An auctioneer is an agent who makes it his business to represent owners of property in selling the same to the highest and best bidder among those who attend the sale.
Property is said to be auctioned when it is offered to the one who shall by his bid make himself the most desirable purchaser. Usually this would simply mean that he should bid more than anyone else. But if the sale was upon credit, it might also mean that he should qualify as one of fair credit. Customarily, therefore, it is announced that sales will be to the "highest and best bidder."
An auctioneer pursues a public calling. He makes it his business to represent any one who will employ him to sell the line of goods he handles, or perhaps any sort of property, whatever.
Auctions are usually public. An auctioneer is often defined as one who sells at public sale. Yet he might sell at private sale where there were two or more of a selected group who desired to buy. In such a case he would seem still to be pursuing the calling of an auctioneer. But his business as a whole is a public one. For this reason it is often required that he secure a license before he shall be entitled to act as auctioneer.
An auctioneer is agent of the seller, except in the matter of making book entries, etc., in which case he is agent for both. That is, he is the seller's agent and he is not the buyer's agent except for clerical purposes. This might be important from the standpoint of the statute of frauds requiring a signed memorandum in writing in order to make a sale enforceable, which is in force in many states. The entry of the sale in the books with the buyer's and seller's name would be a memorandum made and signed by the buyer and seller because made by their agent.
An auctioneer has no authority to sell except upon the terms given by the owner. He cannot warrant except with actual authority.
The terms upon which the sale at auction is to be made are openly stated by the owner or by the auctioneer with the owner's sanction. The auctioneer cannot transcend his authority thus given.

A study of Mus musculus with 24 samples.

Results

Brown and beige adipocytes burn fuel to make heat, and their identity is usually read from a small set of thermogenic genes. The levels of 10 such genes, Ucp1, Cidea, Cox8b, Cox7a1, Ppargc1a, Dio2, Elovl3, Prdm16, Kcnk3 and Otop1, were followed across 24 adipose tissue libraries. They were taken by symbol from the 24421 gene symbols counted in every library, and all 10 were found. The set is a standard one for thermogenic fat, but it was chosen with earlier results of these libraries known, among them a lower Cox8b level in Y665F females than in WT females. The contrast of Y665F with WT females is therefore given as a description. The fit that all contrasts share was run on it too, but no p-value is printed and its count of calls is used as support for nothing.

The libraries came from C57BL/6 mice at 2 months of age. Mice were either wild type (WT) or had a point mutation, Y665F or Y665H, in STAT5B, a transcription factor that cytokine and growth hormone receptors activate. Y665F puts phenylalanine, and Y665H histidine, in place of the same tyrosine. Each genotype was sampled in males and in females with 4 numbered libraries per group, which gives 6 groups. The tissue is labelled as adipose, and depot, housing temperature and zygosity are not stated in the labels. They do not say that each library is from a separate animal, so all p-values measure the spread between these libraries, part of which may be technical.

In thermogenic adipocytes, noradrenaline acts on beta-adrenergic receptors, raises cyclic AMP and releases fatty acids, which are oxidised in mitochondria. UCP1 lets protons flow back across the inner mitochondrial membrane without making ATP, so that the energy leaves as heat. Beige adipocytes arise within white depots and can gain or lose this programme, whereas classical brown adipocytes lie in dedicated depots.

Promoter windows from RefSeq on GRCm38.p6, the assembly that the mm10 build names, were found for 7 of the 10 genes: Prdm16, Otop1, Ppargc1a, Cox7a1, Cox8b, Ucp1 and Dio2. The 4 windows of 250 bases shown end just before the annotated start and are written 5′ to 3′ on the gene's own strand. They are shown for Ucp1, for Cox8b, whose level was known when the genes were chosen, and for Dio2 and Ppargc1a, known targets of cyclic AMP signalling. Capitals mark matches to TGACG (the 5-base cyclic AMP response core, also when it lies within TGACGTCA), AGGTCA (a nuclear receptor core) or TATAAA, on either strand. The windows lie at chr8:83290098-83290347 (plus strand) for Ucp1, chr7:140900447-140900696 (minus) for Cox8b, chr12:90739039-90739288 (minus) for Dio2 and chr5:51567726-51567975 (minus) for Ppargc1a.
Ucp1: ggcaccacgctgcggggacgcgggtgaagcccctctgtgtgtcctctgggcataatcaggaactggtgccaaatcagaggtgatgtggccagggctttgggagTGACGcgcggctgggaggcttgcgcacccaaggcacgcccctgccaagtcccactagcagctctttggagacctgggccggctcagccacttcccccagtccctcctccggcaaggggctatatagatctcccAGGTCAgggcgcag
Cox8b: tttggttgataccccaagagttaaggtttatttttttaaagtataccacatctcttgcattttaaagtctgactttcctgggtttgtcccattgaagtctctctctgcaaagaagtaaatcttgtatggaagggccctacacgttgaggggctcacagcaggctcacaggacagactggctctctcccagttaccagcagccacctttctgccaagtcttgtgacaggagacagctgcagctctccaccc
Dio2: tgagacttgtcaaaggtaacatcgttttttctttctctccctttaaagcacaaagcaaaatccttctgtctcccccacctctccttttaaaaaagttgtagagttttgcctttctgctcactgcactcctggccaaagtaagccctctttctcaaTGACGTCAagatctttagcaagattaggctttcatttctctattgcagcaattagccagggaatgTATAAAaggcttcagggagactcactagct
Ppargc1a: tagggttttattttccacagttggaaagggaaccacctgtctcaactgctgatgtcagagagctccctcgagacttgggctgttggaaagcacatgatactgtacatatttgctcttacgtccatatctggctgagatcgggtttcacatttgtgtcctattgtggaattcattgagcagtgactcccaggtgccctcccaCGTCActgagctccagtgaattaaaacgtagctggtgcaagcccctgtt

An auctioneer has no authority to warrant unless the owner actually gives him such authority.
A sale by auction is complete when the auctioneer signifies his acceptance of the bid. Unless a sale is "without reserve" (and even then in some jurisdictions), he may refuse any bid and withdraw the article from sale.
If an auction is not advertised to be without reserve, an auctioneer may withdraw the property from the sale at any time; for there is no contract made until the auctioneer accepts the bid. A, as auctioneer puts up a horse for sale, B offers $50, C, $55, and D, $60, for it; but until A signifies his acceptance to the bid no contract is complete; no sale or contract of sale has been made. Consequently, neither B, C, nor D, may complain in such a case. However, the owner of the property might have just cause for holding A liable for refusing a bid he might have accepted and thereby losing the sale. But in some states (and the Uniform Sales Act so provides) if an auction is advertised to be "without reserve," the article cannot be drawn from sale after an offer has been made which comes within the terms of sale.
This consists in secret bidding by the owner or his agent in order to puff the price. It is illegal and a sale so induced is voidable. But an owner may openly bid for this only amounts to withdrawing the former bid, unless the sale was without reserve in those states where auctions without reserve prevent withdrawal.
Secret "by bidding" is fraudulent. If one discovers that his bid was induced because of a bid made apparently by a would-be buyer, but in reality by the owner or his agents, he may have the sale set aside. But an owner can always bid openly unless restrained by the announcement that the sale is without reserve, as discussed in the last section.